As an instructor in the Department of Computer Science and the School of Business, as well as the advisor to the College’s Honors Entrepreneurship Mentoring Cohort, Honors College Faculty Fellow Lancie Affonso ’96 is a true renaissance man on campus. We caught up with Affonso to learn more about his childhood in Africa, his journey from tech to higher ed, and where the worlds of computer science, business and entrepreneurship collide.

What was life like growing up in Tanzania? As a child, I was fortunate to experience a simple life without the distractions of electronic devices. Tanzania is a country that is blessed with an abundance of natural resources, but it is also one of the poorest countries in the world. I sometimes play the “Hakuna Matata” video from Disney’s The Lion King for my students. Hakuna Matata, which means “no worries” in Swahili, describes my philosophy of life growing up in an unplugged world.

I enjoyed fishing, cycling and soccer, as well as playing in the mud and rain with my siblings. My mother taught me about sustainability. We reused, repurposed and recycled almost everything. My father taught me about carpentry and entrepreneurship. When I was a teenager, my first venture was designing, building and marketing wooden toys for the tourist market. And that’s how I eventually saved up to pay for my airfare to the U.S. to study and pursue my American dream.

Lancie Affonso ’96 demonstrates his own self-built abacus. (Photos by Reese Moore)

How do you think your childhood has influenced your work in higher education? Education is a privilege in East Africa. Books were scarce and expensive, so I spent much of my free time at the American Embassy library, where I consumed science encyclopedias along with an eclectic collection of books. Yes, I was a “data geek.”

My parents placed a very high value on learning, and encouraged us to learn something new each day. My mother also sacrificed the majority of her yearly income to ensure that I was the first person in my family to complete high school and have an opportunity to study in the United States. Little did I know I would end up on the extended college plan and teach at CofC after working in the corporate sector.

What initially drew you to the world of software development and technology? My CofC faculty mentors recommended I pursue a career in international business with a software startup, as I would get paid to learn about new technology, manage global teams and travel the world.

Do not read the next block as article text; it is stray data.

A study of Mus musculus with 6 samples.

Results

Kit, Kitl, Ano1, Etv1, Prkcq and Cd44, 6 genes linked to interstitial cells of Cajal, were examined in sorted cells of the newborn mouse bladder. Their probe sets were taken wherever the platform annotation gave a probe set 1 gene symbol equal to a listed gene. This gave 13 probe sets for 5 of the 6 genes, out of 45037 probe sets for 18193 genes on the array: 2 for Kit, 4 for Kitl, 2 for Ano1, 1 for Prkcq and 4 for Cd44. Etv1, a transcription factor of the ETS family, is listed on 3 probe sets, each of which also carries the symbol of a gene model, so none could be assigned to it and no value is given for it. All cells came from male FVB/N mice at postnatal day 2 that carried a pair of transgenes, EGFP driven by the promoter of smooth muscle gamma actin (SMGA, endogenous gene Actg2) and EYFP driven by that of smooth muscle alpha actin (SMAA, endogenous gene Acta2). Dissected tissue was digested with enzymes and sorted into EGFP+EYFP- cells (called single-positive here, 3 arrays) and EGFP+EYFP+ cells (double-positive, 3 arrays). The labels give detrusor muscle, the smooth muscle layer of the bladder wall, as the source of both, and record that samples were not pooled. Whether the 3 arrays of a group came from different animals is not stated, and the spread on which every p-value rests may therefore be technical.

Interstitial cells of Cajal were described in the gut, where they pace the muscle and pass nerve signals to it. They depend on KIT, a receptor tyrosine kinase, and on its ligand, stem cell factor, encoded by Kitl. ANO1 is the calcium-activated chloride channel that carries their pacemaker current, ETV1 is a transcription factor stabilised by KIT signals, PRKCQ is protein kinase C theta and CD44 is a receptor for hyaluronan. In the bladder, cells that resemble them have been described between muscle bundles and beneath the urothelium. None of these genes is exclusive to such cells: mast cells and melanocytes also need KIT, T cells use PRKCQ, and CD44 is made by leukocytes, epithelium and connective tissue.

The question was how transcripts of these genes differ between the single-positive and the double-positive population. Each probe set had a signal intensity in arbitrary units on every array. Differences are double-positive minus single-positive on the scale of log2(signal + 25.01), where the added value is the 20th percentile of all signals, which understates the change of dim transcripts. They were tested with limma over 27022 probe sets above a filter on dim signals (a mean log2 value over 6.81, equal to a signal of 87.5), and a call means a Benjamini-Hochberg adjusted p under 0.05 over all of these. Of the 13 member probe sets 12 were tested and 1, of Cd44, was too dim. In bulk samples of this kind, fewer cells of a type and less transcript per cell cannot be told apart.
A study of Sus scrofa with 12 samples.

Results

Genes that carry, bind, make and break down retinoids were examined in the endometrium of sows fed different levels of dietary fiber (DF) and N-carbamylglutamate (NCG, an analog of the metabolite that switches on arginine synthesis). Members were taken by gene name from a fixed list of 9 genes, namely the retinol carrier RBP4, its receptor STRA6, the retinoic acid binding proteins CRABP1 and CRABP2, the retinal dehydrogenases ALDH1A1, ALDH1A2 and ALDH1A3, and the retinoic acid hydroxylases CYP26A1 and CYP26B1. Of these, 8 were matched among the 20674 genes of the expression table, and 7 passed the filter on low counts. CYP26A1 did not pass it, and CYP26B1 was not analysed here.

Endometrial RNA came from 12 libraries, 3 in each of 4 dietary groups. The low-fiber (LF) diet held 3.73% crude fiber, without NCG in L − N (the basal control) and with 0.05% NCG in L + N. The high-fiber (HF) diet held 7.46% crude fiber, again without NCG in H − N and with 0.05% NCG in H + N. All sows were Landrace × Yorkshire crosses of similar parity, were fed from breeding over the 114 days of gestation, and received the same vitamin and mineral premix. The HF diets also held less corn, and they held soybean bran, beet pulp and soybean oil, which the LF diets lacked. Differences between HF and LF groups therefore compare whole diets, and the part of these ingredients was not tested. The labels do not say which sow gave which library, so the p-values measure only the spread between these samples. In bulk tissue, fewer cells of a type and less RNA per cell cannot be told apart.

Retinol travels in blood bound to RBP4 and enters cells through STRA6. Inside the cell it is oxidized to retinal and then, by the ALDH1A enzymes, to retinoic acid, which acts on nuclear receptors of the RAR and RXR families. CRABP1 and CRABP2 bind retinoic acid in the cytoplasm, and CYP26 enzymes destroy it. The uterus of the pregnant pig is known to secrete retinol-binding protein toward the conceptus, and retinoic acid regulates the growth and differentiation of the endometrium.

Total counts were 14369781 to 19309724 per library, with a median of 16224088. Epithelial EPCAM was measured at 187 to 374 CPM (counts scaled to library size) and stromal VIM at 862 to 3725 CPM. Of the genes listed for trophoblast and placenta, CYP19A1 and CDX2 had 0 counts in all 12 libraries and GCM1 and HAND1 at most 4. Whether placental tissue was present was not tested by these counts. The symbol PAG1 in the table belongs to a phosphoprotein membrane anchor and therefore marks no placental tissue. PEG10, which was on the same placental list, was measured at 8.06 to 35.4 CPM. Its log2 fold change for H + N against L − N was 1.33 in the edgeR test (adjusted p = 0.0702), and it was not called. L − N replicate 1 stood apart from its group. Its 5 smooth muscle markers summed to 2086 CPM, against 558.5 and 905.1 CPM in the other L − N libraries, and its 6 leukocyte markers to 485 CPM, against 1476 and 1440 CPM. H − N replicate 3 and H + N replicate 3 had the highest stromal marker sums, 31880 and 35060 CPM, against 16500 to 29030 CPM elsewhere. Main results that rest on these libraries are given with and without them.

So, I followed their advice and first worked as an international business analyst for Sonoco Products, where I researched and analyzed market data for consumer products in Thailand, Mexico, Brazil and Japan. I then transitioned to Datastream Systems as an enterprise software consultant, and later served as their global director of software development services.

Why did you turn your attention to a career in higher education? After receiving departmental honors for my undergraduate research at the College, several of my faculty mentors had suggested I consider a career in academia. I followed their advice – albeit, a decade later – when I “retired” back to Charleston after Datastream was sold.

After the births of my two daughters and 16 years of teaching, I am now even more committed to higher education and hope to teach and mentor the next generation of service leaders and impact entrepreneurs.

You wear a lot of hats on campus. Can you list them all? Like Dr. Seuss’ The Cat in the Hat, I like to think that I wear only one interdisciplinary Cougar hat with multiple stripes for each of the disciplines I teach.

I have taught courses in computer and data science, entrepreneurship, sustainability, information systems, decision sciences, management, marketing, economics and finance. I love to collaborate with and learn from other faculty, and I often teach learning community and interdisciplinary seminar courses for the First Year Experience and the Honors College.

That’s a lot of stripes. How do you balance these different roles? The roles are all interrelated, so it’s not as overwhelming as it sounds. I must admit, though, that balancing three departmental meetings and course schedules can be a challenge from time to time. But the rewards of interdisciplinary collaboration are well worth the effort.

What is your favorite object in your office? It’s a combined abacus and chalkboard (my first computer and tablet from 1986). It’s the well-used original design prototype for my most successful toy learning product, which now includes a chalk flower drawing by my daughter when she was 5 (she is now 14).

In your mind, how do the fields of computer science, business and entrepreneurship intersect? I believe the emerging area of predictive analytics in data science represents the new intersection of the three fields. That’s increasingly evident by the data-driven global startups as well as those in Charleston’s Silicon Harbor.

What is your teaching philosophy when it comes to mentoring and encouraging students? I am committed to developing my students’ concept of purposeful life work by encouraging them to reflect on what really matters to them. We live in an increasingly global community, and our students want to make a difference. My goal is to encourage them to use the entrepreneurial mindset to find creative solutions to local and global problems.

You do a lot for students. What do you do to relax? To unplug, I indulge in power siestas after a relaxing meal. I bike almost everywhere, as it’s convenient, eco-friendly – and I get to claim it as exercise. I love to visit parks. I also enjoy camping and spending time in nature. My kids try to get me to jump on the trampoline, with amusing results. And, my family loves to swim, while I focus on staying afloat.